Judge's Ruling Will Net School District Millions

Court: Yorba Linda Redevelopment Agency must pay more than $240 million over 30 years.

July 20, 2002|DANIEL YI | TIMES STAFF WRITER

An Orange County Superior Court judge ruled this week that Yorba Linda's Redevelopment Agency has illegally kept tax funds from local schools and now must pay more than $240 million to the district, school officials said Friday.

"This is a $240-million victory for the students," said Dennis Smith, superintendent of the Placentia-Yorba Linda Unified School District. "The money will really allow us to fulfill our dreams so important to our kids."

Part of the dream is building a high school, Smith said, the first one in Yorba Linda.

The ruling, reached Wednesday but made public Friday, caps a three-year legal battle between the two agencies over tax funds generated by city's redevelopment plan.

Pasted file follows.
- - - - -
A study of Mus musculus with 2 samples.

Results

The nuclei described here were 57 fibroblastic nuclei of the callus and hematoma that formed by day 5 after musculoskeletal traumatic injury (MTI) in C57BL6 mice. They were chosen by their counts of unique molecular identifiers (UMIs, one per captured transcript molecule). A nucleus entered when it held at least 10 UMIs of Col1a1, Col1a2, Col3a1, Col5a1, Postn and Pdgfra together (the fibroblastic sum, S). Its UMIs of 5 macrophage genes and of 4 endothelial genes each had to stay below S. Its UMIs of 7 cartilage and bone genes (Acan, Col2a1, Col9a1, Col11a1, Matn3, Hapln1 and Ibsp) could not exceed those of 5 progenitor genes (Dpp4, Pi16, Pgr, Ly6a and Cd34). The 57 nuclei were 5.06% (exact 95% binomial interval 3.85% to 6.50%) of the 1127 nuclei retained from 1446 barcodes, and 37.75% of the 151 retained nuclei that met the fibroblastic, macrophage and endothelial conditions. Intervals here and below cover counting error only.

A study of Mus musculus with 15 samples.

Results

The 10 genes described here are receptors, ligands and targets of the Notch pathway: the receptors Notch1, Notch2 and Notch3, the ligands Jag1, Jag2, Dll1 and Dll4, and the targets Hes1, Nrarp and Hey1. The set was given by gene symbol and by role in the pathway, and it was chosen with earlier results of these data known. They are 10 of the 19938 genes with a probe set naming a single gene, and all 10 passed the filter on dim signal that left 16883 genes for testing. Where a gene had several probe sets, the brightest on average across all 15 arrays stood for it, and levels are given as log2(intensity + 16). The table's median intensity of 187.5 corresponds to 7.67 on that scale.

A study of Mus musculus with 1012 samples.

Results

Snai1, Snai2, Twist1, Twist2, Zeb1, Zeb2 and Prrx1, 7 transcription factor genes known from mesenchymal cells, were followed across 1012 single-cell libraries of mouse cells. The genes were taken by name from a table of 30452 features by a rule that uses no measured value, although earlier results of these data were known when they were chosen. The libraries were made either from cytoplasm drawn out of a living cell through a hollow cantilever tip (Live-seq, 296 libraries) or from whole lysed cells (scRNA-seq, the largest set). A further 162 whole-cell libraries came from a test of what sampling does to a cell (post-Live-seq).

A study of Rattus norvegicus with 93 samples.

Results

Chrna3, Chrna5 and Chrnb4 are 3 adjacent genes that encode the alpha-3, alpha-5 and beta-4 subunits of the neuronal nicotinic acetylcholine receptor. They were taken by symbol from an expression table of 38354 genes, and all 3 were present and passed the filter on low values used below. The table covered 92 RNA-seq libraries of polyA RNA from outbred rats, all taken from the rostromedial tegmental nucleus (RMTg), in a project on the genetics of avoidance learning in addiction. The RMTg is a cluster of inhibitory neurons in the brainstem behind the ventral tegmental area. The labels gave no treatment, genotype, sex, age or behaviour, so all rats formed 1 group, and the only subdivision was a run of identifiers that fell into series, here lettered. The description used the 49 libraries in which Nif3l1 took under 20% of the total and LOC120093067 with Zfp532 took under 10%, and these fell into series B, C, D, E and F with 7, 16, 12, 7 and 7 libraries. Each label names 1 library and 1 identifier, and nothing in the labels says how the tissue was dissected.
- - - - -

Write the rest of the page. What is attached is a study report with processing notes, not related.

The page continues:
In 1983, the city formed the redevelopment agency to help spur growth in the community. Because of the foreseeable impact on schools, the redevelopment agency agreed to compensate the school district with a portion of the growth in tax revenue. The two parties could never agree on the amount, however, and the school district sued.

Superior Court Judge Robert Gallivan ruled that the district is owed about $7 million in past revenue, and that the redevelopment agency must pay an additional $240 million over the next 30 years.

It is a tentative ruling because accountants must double-check the calculations.

City officials have maintained that the amounts sought by the district were excessive. City Manager Terrence Belanger said Friday that council members will review the ruling at a meeting perhaps as early as next week, and decide whether to accept or appeal the judge's decision.

"At the end of the day," Belanger said, "[we] are all serving the same constituency and we must find ways to work cooperatively."

The Placentia-Yorba Linda district serves 27,000 students in both cities and parts of Anaheim.

The district this year passed a $102-million construction bond measure that included only planning phases for a new high school. The redevelopment funds, Smith said, will allow the district to build the high school.